CDC Issues Travel Warning for Florida After Zika Virus Outbreak
A travel advisory has been issued by the U.S. Centers for Disease Control and Prevention warning pregnant women from visiting an area with ongoing Zika virus transmission in northern Miami, Florida.
At least 14 people have been infected in the first locally transmitted Zika outbreak in the continental United States. Some countries, including the United Kingdom, have already issued a travel warning for their pregnant citizens about traveling to the affected area in Florida.
After 10 new cases were reported today, in addition to the four cases reported last week, the CDC is now advising pregnant women to avoid traveling to the 1-square-mile area in northern Miami where the outbreak occurred. CDC Director Tom Frieden also advised women who were in that area within the last month to avoid trying to get pregnant to reduce the risk of having an infant that develops Zika-related microcephaly, a birth defect characterized by an abnormally small head brain, leading to significant developmental problems.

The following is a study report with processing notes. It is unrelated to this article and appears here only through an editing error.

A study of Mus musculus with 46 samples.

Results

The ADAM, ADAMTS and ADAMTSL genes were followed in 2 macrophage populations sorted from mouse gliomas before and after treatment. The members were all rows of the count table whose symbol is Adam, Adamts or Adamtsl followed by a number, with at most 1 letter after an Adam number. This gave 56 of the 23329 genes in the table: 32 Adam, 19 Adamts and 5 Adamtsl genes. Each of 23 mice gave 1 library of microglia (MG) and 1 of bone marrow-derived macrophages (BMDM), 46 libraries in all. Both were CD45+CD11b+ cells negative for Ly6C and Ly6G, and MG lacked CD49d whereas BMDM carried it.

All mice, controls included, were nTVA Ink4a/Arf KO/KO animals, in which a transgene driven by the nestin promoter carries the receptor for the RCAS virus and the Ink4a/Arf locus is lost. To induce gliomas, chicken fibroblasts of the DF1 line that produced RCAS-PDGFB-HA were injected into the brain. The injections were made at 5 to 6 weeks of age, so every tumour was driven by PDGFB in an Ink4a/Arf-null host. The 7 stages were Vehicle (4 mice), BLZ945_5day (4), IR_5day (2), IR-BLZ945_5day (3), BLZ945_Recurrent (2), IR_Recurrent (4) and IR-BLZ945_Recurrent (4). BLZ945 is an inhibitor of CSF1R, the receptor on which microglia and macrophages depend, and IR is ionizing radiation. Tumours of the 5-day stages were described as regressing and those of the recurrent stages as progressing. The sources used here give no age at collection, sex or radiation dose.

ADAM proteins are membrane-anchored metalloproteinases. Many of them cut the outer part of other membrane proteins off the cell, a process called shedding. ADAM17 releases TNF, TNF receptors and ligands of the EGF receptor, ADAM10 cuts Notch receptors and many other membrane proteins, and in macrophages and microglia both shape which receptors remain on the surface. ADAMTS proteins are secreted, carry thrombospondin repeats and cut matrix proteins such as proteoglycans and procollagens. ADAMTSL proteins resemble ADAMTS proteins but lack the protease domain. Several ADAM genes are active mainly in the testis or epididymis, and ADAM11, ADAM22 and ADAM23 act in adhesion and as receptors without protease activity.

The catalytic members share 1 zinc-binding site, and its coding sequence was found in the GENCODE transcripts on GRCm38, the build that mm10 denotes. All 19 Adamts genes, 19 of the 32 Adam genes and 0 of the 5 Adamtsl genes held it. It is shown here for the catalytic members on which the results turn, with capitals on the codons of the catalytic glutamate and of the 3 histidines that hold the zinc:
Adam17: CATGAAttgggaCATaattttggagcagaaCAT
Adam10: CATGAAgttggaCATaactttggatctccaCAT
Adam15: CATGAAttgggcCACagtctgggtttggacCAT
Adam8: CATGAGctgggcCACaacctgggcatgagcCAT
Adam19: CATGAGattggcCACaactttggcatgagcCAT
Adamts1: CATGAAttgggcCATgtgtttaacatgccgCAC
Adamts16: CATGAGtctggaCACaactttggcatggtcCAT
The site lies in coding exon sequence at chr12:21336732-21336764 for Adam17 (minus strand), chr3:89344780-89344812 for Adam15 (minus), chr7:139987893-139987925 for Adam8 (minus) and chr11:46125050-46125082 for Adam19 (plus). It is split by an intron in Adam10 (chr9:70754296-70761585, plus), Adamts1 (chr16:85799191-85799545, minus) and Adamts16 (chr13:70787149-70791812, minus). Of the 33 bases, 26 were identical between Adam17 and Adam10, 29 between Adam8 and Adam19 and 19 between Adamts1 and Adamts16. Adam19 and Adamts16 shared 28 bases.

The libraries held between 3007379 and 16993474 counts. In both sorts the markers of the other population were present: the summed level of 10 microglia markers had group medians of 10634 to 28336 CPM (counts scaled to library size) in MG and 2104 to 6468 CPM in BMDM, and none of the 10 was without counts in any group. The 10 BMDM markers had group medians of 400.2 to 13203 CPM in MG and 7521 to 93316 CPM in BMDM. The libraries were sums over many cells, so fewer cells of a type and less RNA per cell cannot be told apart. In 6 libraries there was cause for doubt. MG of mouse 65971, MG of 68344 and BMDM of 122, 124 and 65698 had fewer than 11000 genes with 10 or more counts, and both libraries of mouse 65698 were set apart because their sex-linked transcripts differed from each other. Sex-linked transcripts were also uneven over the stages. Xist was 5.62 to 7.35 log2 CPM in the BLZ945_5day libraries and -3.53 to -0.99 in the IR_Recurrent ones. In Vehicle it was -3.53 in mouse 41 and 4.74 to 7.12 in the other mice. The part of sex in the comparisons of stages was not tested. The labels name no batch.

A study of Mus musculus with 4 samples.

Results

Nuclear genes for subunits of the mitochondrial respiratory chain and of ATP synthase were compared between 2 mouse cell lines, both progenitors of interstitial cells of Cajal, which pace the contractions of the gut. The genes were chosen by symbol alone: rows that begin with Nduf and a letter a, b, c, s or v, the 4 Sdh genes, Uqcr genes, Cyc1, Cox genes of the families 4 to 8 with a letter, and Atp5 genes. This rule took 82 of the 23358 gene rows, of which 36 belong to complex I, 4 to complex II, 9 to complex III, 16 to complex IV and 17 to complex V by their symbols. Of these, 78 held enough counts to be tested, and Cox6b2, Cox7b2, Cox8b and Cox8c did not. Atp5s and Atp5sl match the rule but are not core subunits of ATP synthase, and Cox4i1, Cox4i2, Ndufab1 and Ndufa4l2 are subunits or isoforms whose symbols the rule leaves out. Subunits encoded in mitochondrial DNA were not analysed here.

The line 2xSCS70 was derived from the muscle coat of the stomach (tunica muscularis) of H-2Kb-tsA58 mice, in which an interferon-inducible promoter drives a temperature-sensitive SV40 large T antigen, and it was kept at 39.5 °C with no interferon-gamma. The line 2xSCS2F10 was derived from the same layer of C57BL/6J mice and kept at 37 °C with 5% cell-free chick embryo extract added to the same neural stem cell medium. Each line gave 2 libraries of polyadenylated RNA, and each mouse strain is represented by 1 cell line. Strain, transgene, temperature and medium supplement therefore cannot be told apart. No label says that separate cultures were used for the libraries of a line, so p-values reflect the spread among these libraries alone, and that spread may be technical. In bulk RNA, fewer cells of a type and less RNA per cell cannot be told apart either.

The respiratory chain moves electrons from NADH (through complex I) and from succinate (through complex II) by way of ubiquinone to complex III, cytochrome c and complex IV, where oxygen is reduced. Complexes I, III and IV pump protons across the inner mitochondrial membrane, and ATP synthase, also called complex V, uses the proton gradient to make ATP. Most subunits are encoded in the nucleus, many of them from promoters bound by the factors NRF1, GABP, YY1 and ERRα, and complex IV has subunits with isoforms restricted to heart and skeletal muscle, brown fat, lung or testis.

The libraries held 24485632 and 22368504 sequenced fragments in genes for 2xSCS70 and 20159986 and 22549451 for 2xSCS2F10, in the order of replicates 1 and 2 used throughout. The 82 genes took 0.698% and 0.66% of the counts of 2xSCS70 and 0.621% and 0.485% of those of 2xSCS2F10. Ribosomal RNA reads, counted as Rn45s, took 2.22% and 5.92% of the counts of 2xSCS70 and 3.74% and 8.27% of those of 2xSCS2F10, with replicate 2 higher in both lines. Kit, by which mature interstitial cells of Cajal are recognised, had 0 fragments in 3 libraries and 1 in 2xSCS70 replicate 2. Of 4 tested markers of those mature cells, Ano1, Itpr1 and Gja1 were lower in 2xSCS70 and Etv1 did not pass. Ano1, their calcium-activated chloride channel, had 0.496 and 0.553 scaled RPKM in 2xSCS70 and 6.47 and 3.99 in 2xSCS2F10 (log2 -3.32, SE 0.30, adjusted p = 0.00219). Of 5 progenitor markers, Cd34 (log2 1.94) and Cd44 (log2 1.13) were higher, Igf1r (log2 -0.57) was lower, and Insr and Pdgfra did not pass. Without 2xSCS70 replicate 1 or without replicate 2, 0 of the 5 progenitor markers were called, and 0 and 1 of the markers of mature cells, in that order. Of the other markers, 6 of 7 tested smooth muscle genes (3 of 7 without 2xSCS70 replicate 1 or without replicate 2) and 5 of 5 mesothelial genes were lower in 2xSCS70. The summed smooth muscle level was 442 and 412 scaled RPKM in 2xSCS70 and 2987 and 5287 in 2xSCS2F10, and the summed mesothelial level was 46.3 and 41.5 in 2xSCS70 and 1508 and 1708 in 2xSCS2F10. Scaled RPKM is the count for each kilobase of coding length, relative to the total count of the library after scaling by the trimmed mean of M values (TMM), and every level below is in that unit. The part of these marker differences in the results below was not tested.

“Women who were in this area and left this area recently should wait at least eight weeks before trying to get pregnant,” Frieden said during a news conference today.
While some have questioned why the CDC did not issue a travel advisory last week when the outbreak was first recorded, Frieden explained that the agency had not yet seen continued transmission of the virus and that new information recieved this weekend led to the travel advisory.
“What we have learned over past 48 hours is mosquito control efforts don’t appear to be as effective as we have previously hoped,” he said today. Frieden said since the Aedes aegypti mosquito that spreads Zika rarely flies beyond 150 meters in its lifetime, health officials did not feel the need to expand the area included in the travel advisory.
“We will continue to look at this data every single day including additional testing if that changes we will adjust the warning,” he said.